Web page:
Don's Diary

November 24, 2000


Film contributions to a BBC Horizon programme on Lake Vostok. Hours of questioning for a few minutes airtime. Lake Vostok is an enormous lake discovered beneath the Antarctic ice sheet only a few years ago. As a polar scientist, I am fascinated by this lost world but I also want to protect its pristine status. I still research ordinary polar lakes, but subglacial research takes up much of my time.


Leave wet, windy Cambridge for a week in a subtropical, but strangely named, town of College Station in Texas. Co-write with four international colleagues a science/management plan for subglacial research, effectively our prospectus for interested researchers and funding bodies.

Visit Berkeley to help plan exploration of a smaller sub-glacial lake at the South Pole. Mention need for full environmental impact assessment. Not what they want to hear as an EIA will be time consuming, but these lakes are too precious.


Give a talk to the British Interplanetary Society on Lake Vostok as an analogue for an ice-covered ocean on Europa, one of Jupiter's moons.

Disappointed them by suggesting there may be little, if any, life in a Europan ocean. Physicists seem uncomfortable with a biologist spouting thermodynamic realities. Seems they secretly hanker for an alien ocean brimming with life.

Just heard the European Union will fund my arctic lakes project.


Find myself staying in Kruger Game Park, South Africa, for a workshop to devise an international programme on terrestrial/freshwater research in Antarctica. Number of my ideas are adopted but I have to accept a coordination role so lots of work ahead. I am interviewed for a Discovery Channel programme about extreme environments.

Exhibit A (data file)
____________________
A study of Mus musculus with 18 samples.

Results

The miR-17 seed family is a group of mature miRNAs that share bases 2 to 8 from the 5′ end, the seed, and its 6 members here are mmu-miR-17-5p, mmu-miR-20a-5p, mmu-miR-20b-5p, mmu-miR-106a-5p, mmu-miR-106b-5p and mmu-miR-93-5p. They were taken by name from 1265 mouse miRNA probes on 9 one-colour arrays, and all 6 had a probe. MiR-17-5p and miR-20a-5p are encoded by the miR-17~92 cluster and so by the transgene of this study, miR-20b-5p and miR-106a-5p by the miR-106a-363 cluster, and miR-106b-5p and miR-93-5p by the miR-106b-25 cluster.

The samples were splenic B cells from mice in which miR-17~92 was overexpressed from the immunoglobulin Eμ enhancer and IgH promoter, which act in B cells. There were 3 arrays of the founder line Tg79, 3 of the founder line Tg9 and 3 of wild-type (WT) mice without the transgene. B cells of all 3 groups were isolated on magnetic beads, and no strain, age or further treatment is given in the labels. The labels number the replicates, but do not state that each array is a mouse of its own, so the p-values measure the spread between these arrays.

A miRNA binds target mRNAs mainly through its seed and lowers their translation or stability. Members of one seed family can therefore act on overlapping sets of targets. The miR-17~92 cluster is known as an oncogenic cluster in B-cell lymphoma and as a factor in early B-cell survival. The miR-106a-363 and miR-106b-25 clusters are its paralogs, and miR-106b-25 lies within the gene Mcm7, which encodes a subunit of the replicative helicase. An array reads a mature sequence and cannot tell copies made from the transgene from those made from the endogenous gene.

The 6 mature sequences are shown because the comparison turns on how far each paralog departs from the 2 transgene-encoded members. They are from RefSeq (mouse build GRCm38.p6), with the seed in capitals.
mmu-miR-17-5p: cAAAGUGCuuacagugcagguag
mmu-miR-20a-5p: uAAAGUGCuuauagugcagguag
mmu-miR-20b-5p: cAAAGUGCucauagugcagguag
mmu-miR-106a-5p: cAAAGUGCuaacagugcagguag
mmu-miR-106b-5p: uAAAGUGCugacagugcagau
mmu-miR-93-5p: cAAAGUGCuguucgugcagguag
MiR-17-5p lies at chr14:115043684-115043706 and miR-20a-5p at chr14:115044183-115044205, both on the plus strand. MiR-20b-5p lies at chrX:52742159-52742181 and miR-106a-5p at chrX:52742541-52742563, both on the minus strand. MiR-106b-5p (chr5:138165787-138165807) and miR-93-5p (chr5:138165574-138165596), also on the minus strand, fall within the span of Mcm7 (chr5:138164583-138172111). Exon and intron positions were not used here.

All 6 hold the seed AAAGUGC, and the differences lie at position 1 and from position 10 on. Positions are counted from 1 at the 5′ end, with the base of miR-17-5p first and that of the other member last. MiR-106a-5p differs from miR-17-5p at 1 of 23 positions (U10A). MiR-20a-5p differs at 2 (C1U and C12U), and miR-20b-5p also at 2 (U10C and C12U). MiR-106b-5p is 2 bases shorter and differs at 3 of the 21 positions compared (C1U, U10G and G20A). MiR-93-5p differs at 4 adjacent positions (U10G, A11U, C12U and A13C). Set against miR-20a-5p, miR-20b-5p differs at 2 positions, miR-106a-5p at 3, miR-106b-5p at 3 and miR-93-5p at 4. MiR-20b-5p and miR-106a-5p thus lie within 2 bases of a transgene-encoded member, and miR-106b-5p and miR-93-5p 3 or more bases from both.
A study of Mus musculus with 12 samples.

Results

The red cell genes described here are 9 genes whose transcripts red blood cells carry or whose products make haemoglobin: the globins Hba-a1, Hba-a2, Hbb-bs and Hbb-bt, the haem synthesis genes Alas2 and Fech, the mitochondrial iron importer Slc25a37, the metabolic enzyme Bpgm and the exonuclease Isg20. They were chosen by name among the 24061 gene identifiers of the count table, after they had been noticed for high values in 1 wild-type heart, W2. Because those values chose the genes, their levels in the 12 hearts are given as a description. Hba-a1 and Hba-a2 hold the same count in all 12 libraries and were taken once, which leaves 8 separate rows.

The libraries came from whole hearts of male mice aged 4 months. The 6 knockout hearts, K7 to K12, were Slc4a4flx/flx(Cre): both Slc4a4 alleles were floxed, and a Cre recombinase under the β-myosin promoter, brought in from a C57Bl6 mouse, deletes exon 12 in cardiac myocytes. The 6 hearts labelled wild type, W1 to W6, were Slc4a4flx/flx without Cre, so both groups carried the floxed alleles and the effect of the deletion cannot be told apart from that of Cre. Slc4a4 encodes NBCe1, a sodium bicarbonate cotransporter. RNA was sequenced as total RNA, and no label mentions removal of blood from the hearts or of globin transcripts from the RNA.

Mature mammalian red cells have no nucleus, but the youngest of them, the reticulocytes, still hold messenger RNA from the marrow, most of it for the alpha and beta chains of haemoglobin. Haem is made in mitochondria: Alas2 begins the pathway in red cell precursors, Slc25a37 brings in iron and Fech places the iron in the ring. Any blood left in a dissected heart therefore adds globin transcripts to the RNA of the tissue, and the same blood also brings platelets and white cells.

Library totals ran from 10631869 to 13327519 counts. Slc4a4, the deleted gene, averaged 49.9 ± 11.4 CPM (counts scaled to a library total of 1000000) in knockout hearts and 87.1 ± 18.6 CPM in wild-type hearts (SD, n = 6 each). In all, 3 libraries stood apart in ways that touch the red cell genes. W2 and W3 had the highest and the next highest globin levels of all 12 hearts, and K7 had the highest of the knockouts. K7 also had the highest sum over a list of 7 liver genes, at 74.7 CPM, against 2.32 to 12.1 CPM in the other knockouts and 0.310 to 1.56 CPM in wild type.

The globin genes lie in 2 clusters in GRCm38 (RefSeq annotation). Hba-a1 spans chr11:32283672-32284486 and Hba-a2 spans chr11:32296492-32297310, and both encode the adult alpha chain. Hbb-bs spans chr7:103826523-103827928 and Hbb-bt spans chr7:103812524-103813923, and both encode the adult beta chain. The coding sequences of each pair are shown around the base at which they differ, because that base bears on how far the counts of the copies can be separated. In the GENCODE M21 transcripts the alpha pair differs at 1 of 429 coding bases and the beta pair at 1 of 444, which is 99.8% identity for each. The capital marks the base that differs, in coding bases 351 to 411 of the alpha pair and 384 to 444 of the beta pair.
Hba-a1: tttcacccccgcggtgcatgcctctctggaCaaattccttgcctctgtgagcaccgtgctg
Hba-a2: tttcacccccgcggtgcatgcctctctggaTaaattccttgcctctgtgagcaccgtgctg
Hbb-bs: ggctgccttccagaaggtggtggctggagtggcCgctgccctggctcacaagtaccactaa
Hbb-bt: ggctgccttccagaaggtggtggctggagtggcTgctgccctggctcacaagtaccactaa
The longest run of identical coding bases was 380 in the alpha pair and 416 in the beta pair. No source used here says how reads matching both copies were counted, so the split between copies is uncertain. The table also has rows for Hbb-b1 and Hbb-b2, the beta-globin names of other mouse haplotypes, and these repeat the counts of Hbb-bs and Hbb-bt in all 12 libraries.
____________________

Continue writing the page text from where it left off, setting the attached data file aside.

Fly to Amsterdam for the day to follow up Kruger Park meeting. Excellent news, subglacial lakes science plan has been approved by the powers that be in Antarctic research and I am appointed to the specialist group on subglacial lakes that will develop the Lake Vostok programme. At last things are getting under way.


In the High Arctic (Spitsbergen, Norway) with two Austrian collaborators for a month of field research on the effects of increasing UV radiation at high latitudes on lake organisms. Doing 20km treks over barren landscapes with backpacks full of lake water, working 16-hour days, seven days a week and it is wonderful. Even finished a paper.


Start organising a Vostok workshop for next summer. The Horizon film is screened. Suddenly everyone knows about Lake Vostok and celebrity beckons. Reality is school half-term, getting very wet on a narrowboat and playing board games.

Cynan Ellis-Evans has been leading freshwater research by the British Antarctic Survey for the past 20 years.